NEW DELHI: The Chinese incursion into Ladakh, timed with the visit of President Xi Jinping to India last month, could have been "some signalling", IAF chief Air Marshal Arup Raha said today while asserting that the defence infrastructure is being boosted along the border with it.
He said India is "not giving ground to anyone" and mentioned that two air bases are being set up in Ladakh region as part of boosting the country's defences.
"It's been always a mystery the way incursions take place and the way they get timed with various visits... It's nothing new, it remains a mystery for all of us.
"You all know that in diplomacy a lot of signalling is done, especially so with our northern neighbour.
It could be part of some signalling to my mind. But I am not going to guess what it really means," he told reporters at an interaction ahead of Indian Air Force's 82nd anniversary celebrations on October 8.
He was responding when asked to comment frequent incursions by China, including the recent one when Chinese troops pushed in civilians into Indian territory in Demchok in Ladakh to prevent work on an irrigation canal being built for the people of the area.
They had pitched tents in the Indian territory which was subsequently removed on September 27 after Chinese officials met India officials in New Delhi and a decision to restore status quo to September 1 was taken.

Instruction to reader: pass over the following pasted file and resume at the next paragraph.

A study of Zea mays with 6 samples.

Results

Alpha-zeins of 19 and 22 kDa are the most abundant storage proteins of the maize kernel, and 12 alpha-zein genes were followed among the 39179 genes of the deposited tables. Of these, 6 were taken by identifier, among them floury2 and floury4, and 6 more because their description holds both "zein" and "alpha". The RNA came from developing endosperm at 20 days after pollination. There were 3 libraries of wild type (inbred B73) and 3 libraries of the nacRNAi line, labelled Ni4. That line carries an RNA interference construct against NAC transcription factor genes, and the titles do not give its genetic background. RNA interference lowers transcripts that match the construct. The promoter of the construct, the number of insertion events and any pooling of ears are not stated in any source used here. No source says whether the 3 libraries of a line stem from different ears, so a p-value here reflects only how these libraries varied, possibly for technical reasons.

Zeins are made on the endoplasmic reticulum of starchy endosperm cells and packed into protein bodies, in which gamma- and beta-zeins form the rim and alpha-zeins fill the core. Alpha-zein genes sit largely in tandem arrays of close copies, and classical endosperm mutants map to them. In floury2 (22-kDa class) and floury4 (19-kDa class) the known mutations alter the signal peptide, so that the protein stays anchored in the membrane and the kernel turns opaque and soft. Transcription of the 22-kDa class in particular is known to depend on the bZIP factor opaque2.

Some Chinese workers, who were constructing a road on their side, also crossed into the Indian side in Chumur in Ladakh and claimed that they had orders to build a road up to Tible, 5-km deep inside Indian territory.
These incidents occurred at a time with the Chinese President was on a three-day visit to India from September 17.
The IAF chief said the frequent face-offs between Indian and Chinese troops along the Line of Actual Control (LAC) occur due to differences of perception on boundary between the two countries.
"There are differences in perception as to where is the LAC... This is leading to face-offs. However, our security forces are following policies," he said.
Asserting that India was "not giving ground to anyone", Raha said measures are being taken to build military infrastructure along the border with China.
A fighter aircraft base is coming up at Nyoma in Ladakh, which take about five years to be completed.
Another base would come up in Kargil, he said, adding that the funds will be released soon for it.
"These bases are strategically important for us and will improve our capabilities," he said.
Upgrade of six airfields in the northeast is also being carried out and the work will be completed by the end of 2015.
That would allow air force to operate aircraft from there for swifter force mobilisation, Raha said.